The Equal Employment Opportunity Commission proposed a public guidance aimed at reducing what it perceives as the all-too-common incidence of sexual harassment in the workplace.
The commission said that in fiscal year 2015 – the most recent year with data available – it had received 27,893 private-sector charges alleging harassment, representing more than 31% of all charges filed with the agency.
In 2015 federal employees filed 6,741 complaints alleging harassment, about 44% of the total EEOC complaints filed by federal employees that year.
In January, Commissioner Victoria Lipnic (before she was named EEOC chair by President Trump) said harassment charges “remain a far too dominant part” of the agency’s workload.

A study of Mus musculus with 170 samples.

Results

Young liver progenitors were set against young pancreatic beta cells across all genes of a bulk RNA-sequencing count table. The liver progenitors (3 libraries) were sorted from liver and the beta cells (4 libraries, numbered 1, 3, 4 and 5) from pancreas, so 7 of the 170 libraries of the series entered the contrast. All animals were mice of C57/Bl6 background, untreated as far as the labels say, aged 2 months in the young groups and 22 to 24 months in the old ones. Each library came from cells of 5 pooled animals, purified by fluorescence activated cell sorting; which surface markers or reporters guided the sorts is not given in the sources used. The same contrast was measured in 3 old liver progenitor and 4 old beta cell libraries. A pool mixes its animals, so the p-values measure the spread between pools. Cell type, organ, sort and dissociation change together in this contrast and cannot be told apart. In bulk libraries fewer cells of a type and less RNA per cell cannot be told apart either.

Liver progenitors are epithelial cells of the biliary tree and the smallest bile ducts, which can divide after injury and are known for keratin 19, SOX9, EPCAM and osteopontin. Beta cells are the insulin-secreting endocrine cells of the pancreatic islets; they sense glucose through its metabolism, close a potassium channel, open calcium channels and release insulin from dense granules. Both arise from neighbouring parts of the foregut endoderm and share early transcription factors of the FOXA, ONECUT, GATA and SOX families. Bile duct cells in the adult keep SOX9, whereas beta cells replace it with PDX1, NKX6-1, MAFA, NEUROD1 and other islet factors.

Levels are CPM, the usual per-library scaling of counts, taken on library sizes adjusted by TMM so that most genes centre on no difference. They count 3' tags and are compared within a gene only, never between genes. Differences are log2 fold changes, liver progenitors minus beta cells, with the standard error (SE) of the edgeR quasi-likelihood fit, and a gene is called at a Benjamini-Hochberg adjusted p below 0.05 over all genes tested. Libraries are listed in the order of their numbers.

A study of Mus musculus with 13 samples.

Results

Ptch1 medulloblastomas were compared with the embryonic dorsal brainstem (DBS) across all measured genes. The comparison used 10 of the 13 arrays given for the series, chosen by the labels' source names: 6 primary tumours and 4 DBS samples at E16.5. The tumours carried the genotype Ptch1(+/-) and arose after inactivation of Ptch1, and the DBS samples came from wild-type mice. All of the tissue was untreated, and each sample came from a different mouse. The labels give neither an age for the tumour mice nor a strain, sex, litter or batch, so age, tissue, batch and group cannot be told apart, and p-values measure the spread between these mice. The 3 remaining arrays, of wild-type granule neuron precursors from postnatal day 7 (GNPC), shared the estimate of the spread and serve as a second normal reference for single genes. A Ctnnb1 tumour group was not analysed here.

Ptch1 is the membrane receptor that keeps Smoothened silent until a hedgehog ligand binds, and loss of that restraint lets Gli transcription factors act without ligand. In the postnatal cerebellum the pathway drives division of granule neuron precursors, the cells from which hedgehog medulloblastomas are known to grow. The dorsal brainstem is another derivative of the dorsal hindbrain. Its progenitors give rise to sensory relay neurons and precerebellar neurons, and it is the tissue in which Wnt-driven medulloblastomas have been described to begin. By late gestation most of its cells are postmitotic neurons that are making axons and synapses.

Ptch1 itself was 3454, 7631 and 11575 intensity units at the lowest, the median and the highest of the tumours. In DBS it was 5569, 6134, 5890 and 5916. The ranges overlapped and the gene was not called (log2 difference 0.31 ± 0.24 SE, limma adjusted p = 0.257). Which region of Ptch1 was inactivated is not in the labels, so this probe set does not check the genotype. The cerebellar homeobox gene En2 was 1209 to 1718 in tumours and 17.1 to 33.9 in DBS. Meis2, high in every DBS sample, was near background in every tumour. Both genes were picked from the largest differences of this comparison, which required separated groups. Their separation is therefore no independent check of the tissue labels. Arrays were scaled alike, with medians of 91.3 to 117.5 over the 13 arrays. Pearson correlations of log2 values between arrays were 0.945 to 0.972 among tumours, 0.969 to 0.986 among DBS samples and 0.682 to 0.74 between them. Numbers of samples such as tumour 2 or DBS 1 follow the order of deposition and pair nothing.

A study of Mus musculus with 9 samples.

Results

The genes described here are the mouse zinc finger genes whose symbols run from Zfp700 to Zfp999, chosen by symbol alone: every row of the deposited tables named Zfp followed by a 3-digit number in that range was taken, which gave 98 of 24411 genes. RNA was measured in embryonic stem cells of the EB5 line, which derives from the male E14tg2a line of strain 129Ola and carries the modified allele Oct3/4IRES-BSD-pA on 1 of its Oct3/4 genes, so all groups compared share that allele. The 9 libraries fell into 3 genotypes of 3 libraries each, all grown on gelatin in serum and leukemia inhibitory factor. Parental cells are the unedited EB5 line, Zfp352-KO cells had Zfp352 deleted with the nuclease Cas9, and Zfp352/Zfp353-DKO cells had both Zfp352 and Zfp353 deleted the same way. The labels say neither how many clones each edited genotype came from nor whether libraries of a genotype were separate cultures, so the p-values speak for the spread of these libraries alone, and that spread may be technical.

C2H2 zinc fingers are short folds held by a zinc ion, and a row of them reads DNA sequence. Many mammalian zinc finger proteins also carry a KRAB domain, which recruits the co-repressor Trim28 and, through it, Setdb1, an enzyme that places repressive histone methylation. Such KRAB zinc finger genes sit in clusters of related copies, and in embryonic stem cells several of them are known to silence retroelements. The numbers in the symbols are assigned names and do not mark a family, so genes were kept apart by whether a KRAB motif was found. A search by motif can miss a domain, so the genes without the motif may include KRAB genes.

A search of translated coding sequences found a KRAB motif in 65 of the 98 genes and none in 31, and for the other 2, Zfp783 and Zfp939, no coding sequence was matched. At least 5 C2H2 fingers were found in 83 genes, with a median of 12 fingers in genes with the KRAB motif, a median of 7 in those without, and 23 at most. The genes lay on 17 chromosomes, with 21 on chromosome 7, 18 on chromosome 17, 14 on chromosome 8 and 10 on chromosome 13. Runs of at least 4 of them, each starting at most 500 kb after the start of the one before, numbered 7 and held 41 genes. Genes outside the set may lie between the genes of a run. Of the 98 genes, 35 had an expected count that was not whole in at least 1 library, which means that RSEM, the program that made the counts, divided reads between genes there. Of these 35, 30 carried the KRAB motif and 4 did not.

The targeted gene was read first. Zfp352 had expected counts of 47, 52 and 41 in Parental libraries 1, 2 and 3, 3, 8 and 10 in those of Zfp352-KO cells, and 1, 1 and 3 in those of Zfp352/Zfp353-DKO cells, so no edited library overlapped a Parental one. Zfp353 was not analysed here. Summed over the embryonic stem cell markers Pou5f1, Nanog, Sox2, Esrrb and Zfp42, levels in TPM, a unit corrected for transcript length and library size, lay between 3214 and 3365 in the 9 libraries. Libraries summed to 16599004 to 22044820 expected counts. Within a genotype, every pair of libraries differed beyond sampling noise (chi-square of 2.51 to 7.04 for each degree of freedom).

“I am pleased the commission is offering an updated version of its positions on the important legal issues on this topic,” she added.
The guidance gathers together five previous EEOC enforcement documents. In addition to assisting commission employees, it is intended to help employers and employees better understand the extent of the problem and how to address it.
EEOC says the proposed guidance sets forth “five core principles that have generally proven effective in preventing and addressing harassment.”
These include: committed and engaged leadership; consistent and demonstrated accountability; strong and comprehensive harassment policies; trusted and accessible complaint procedures; and regular, interactive training.
The final guide will be issued after the EEOC reviews public comments on the proposal. See: https://www.regulations.gov/document?D=EEOC-2016-0009-0001 for more details.